This article was originally published on Intelligent Trading Technology on June 14, 2012.

The number of alternatives for low latency infrastructure to support global securities trading across all asset classes has exploded over the past several years. From improvements in servers and switching, to the fiber and now wireless networks that connect them, the arms race continues to escalate. A growing base of carriers has entered the low latency transport market to provide wide area networks connecting key liquidity centers worldwide. In many cases carriers are deploying brand new networks shaving handfuls of microseconds to multiple milliseconds at costs from several million to several hundreds of millions.

The Race to Zero: At What Cost?

Among the most well known of these network deployments are Spread Networks New York to Chicago fiber route and the pending Hibernia Express submarine cable route connecting NY and London. The latest developments include the use of low latency microwave to reduce latencies even further on key trading routes. The race continues unabated both within and between major financial markets, as carriers and the trading firms they serve work to one up each other with the next best network, seeking to capture the coveted low latency premium.

With these major investments come large increases in operating costs for those trading firms leveraging the coveted routes. Some routes have seen greater than a ten-fold increase in costs over the past 18 months alone. No sooner does a firm complete migration to a new route when the next better route is already being marketed, leading to a cycle of stranded investments both for the trading firms and often for the underlying carriers as well. With the increasingly larger investments required to participate in the most lucrative areas of high frequency trading, firms need to decide where their best overall returns exist and how to achieve those returns at the lowest cost possible.

Optimizing for Best Latency

Many firms are turning to more optimized means to achieve the best latencies at the best cost. Recognizing that most firms are moving the same market data between markets to make trading decisions, trading firms are increasingly migrating to low-latency market data delivery platformsto deliver raw or normalized market data feeds, still at the best latencies, but at considerably lower cost than building out and managing constantly moving latencies and trading venues on dedicated platforms themselves.

Another growing trend is the use of ‘relative latency’ to improve trading profits for lower frequency trading firms. The growth in high frequency trading has raised the overall awareness of the impact of latency across all electronic trading markets. The arms race supporting the largest HFTs operating on the basis of ‘absolute latency’ seeking coveted zero-risk returns, has created flow down opportunities for firms whose risk models don’t require the absolute best. These firms can improve trading profits through better fill rates vs. competing firms trading similar securities and risk models by improving their ‘relative latency’ to those firms.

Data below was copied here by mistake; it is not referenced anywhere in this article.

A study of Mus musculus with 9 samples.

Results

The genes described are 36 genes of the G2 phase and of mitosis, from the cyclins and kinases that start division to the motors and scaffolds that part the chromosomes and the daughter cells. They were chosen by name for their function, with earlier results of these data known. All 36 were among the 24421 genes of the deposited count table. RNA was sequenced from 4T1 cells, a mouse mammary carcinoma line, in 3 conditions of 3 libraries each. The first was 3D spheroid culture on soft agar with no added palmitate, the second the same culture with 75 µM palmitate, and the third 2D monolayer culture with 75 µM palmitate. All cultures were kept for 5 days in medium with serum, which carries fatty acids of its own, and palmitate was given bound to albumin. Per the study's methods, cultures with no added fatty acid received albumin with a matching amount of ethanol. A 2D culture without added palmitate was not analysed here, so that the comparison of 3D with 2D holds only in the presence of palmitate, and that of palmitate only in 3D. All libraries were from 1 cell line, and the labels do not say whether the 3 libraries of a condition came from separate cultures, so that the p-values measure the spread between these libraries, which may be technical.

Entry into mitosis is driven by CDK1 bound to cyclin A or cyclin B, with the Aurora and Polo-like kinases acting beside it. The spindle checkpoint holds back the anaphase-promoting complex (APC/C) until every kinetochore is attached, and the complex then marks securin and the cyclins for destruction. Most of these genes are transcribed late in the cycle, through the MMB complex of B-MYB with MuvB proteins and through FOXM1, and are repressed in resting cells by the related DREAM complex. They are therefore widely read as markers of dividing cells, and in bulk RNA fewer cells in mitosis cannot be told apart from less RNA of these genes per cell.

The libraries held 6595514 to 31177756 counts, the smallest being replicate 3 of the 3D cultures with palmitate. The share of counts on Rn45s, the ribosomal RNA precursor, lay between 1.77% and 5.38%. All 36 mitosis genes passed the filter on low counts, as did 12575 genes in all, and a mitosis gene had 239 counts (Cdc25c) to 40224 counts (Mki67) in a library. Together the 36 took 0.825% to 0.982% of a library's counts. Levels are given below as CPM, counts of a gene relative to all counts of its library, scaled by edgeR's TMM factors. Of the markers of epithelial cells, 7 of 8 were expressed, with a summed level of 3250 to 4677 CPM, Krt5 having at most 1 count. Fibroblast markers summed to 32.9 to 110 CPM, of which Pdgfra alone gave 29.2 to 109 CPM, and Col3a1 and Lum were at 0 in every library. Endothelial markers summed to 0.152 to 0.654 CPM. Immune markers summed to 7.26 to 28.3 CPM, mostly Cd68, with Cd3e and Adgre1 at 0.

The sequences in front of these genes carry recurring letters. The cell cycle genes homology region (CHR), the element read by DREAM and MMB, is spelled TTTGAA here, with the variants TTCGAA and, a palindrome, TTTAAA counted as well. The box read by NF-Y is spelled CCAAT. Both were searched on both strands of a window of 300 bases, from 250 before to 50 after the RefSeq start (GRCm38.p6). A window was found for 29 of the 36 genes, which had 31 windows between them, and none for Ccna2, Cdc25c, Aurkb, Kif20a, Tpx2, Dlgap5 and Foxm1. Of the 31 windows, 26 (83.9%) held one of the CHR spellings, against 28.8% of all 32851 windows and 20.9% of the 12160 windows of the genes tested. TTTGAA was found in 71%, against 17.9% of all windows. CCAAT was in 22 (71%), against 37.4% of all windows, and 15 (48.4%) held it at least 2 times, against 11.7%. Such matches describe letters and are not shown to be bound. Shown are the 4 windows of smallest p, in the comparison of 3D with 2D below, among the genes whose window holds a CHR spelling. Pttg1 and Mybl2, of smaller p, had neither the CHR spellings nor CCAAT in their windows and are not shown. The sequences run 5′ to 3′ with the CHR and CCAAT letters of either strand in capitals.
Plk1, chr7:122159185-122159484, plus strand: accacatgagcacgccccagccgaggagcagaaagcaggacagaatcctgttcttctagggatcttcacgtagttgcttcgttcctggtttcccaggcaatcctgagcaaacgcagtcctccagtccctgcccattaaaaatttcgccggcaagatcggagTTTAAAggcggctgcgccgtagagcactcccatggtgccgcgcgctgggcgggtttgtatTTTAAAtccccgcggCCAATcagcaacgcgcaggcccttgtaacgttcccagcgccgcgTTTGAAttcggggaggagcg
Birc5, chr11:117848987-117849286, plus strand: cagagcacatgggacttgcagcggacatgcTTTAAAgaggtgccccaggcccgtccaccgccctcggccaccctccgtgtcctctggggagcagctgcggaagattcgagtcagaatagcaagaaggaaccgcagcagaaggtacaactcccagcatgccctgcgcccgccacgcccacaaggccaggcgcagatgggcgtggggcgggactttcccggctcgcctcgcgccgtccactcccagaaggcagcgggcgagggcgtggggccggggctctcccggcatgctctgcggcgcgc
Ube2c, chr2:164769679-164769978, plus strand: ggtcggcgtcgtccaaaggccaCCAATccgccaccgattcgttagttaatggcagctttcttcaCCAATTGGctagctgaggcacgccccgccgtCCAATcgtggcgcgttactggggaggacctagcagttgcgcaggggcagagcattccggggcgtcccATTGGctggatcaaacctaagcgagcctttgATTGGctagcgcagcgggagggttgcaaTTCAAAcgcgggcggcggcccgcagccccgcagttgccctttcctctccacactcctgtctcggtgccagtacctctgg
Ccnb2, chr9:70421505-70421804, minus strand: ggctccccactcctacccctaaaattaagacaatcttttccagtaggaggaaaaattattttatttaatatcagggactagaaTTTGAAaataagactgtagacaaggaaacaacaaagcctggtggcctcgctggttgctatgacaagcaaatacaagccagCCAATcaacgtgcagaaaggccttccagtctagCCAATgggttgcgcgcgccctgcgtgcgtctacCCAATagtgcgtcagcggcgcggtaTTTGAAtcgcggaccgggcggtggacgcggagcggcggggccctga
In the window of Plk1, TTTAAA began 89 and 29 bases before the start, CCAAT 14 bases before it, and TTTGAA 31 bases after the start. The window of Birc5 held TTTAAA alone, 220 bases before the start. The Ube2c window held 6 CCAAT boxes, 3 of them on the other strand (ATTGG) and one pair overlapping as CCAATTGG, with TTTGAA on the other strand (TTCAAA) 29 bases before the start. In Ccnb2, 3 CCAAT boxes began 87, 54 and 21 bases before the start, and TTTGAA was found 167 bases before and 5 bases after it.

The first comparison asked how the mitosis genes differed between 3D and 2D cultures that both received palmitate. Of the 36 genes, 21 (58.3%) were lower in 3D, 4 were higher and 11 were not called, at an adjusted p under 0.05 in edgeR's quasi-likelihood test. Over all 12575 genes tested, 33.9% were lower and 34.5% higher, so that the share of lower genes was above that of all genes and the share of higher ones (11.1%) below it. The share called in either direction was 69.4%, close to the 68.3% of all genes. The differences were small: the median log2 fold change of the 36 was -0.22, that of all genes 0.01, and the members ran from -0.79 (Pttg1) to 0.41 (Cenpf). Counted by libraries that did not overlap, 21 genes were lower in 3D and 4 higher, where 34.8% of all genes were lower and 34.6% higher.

One of the traditional ways for firms to improve this relative latency is to leverage proximity hosting, essentially decentralizing trading decisions. One of the major barriers to this strategy, however, is the cost of acquiring proximity hosting space, then building out and managing a dedicated infrastructure including the low latency WAN connectivity between markets. This has resulted in a growing niche of proximity hosting providers who help to manage much of the complexity and some of the costs associated with this approach.

The combination of low latency routes that are no longer the best, combined with the emerging generation of high performance cloud platforms promises to further reduce both the complexity and costs associated with proximity hosting and gaining a relative latency advantage for those firms that can benefit from it. The latest generation of cloud and virtualization technologies includes the built in security necessary to support complex regulatory environments, as well as improvements in performance that begin to mirror the capabilities of dedicated servers.

Low Latency Cloud Platforms

When these technologies are deployed on a platform and within an ecosystem that includes direct market access, raw and normalized market data, and access to best of breed front, middle, and back office trading applications, performance can exceed even some of the best dedicated infrastructures at a tiny fraction of the cost. The ability for a European trading firm to spool up a dedicated or virtual server and enable their trading applications within the US equities, options, futures, or FX markets has never been better.

So as the arms race continues at the high end of the HFT market, it is ultimately enabling trading platform providers to deliver some of the dividends to downstream market participants. Those firms trading their own risk models with counterparties around the world can now leverage a growing base of high performance trading platforms designed to deliver the full range of latency options, from absolute latency to relative latency, at a cost and level of complexity designed to optimize their trading strategies and overall profits.